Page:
The City of Calgary has declared a State of Local Emergency (SOLE) effective immediately. It is opening the Emergency Operation Centre to lead coordination and response efforts and is taking several steps to protect critical infrastructure and the safety of citizens.
Over the last 24 hours, forecast conditions in the Kananaskis region and Calgary have not improved, with the potential for more severe weather than originally anticipated. At this point, river flows are not expected to cause widespread overbank flooding.
“At the City of Calgary, we learned many important lessons from 2013 when we endured major flooding. Today, we have flood mitigation measures in place that put us in a better position than 10 years ago,” said Mayor Jyoti Gondek. “I realize that this weather event may cause fear and anxieties to arise for Calgarians, especially for those who have lived through flooding before. Let me reassure you that you are in good hands and we will continue to ensure communications are clear and frequent.”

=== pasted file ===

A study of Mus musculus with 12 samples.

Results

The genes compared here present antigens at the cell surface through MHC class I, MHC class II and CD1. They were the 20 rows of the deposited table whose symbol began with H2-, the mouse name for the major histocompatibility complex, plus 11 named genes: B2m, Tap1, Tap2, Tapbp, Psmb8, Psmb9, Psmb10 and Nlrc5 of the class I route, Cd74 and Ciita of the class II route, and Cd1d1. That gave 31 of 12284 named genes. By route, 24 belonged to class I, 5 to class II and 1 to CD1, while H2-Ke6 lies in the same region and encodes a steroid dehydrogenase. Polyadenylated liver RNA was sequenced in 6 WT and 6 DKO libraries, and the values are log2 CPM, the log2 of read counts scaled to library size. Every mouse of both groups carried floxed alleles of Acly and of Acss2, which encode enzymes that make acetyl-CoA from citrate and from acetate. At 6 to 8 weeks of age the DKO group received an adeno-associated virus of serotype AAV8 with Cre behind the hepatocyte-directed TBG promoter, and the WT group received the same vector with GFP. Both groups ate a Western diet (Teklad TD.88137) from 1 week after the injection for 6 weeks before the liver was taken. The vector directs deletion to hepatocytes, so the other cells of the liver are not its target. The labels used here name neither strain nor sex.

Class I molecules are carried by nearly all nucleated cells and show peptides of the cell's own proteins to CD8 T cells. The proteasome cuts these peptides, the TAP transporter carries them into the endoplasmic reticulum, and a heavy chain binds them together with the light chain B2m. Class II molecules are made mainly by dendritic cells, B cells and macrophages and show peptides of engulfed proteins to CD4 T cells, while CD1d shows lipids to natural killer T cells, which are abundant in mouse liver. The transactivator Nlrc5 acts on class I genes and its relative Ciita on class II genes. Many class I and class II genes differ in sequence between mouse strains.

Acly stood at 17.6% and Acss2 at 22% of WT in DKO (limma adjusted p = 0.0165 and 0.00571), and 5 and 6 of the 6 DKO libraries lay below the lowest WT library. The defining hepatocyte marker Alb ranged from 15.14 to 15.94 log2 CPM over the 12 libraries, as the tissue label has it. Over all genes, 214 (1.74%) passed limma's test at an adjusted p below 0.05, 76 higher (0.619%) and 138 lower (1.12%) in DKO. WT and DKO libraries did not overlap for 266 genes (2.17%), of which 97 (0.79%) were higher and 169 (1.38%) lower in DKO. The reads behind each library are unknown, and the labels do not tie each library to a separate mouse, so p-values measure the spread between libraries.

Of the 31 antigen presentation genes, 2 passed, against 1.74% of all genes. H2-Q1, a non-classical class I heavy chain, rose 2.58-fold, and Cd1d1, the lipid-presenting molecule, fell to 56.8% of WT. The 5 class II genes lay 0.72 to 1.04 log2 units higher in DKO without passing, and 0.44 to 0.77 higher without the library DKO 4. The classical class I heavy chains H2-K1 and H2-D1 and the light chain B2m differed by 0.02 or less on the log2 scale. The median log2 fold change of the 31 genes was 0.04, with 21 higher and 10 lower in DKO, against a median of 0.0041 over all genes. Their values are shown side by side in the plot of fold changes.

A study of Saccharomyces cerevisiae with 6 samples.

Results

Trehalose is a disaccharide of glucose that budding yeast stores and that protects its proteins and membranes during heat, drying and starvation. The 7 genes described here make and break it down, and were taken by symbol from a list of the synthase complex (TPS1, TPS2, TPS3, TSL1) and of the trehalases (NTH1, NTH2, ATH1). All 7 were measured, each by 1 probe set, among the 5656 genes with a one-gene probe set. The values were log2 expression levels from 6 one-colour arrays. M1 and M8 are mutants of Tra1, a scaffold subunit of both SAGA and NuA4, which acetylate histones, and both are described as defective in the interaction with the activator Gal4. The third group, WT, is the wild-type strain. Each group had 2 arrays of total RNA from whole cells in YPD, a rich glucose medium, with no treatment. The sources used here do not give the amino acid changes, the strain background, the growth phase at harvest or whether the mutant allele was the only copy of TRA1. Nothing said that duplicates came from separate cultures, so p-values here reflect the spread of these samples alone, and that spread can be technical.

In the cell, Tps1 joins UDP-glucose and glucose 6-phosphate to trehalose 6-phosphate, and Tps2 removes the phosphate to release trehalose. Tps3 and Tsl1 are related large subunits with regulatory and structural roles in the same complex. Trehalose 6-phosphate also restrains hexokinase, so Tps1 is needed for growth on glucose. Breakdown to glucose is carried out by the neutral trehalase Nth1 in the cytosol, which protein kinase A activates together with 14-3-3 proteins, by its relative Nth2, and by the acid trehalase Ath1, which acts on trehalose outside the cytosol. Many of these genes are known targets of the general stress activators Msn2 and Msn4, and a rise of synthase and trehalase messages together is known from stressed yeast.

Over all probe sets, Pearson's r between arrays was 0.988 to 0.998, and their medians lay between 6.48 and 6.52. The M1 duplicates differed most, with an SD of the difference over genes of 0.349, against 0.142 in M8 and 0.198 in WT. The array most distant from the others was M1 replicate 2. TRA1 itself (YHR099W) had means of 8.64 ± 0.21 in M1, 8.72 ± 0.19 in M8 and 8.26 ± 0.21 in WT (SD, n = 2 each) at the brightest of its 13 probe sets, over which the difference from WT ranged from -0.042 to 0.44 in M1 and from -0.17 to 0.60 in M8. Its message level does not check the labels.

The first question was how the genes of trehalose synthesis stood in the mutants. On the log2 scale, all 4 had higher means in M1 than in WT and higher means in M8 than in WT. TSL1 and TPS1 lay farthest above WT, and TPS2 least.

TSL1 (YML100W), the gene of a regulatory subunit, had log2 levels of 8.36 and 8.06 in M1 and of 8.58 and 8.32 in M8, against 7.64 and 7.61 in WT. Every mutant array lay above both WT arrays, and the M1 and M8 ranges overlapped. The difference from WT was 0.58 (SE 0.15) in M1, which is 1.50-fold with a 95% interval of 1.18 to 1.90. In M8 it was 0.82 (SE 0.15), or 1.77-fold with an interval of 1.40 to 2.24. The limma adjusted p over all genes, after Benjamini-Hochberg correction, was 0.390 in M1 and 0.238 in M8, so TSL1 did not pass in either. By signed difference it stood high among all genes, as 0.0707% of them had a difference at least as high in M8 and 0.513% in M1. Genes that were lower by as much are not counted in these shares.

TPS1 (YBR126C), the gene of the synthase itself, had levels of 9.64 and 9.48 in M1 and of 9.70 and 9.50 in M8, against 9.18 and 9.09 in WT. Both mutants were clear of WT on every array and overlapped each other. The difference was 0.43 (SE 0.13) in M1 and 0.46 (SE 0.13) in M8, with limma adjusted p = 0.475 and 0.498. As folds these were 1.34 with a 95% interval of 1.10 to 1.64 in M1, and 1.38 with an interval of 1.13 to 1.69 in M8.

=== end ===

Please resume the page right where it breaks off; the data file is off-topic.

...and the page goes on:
The updated forecast is calling for as much as 150 mm by Wednesday morning, with some models calling for more. The peak river flow is expected Wednesday morning or early afternoon on the Elbow and Wednesday evening on the Bow. Conditions are expected to change as rainfall continues.
Conversely, the City of Airdrie has put out a statement that includes some short- and long-term tips to stay safe and prevent basement seepage during heavy rainfall, including, reporting obstructed catch basins to the City, staying away from storm ponds, culverts, banks of Nose Creek and drainage features as water levels and flow may fluctuate rapidly, as well as using caution and slowing down on roadways with pooling water.
"If water pools by the storm drain, give it 90 minutes to drain. The City has devices in the storm drains that allow the water to drain slowly and not overload the stormwater system," the city website states.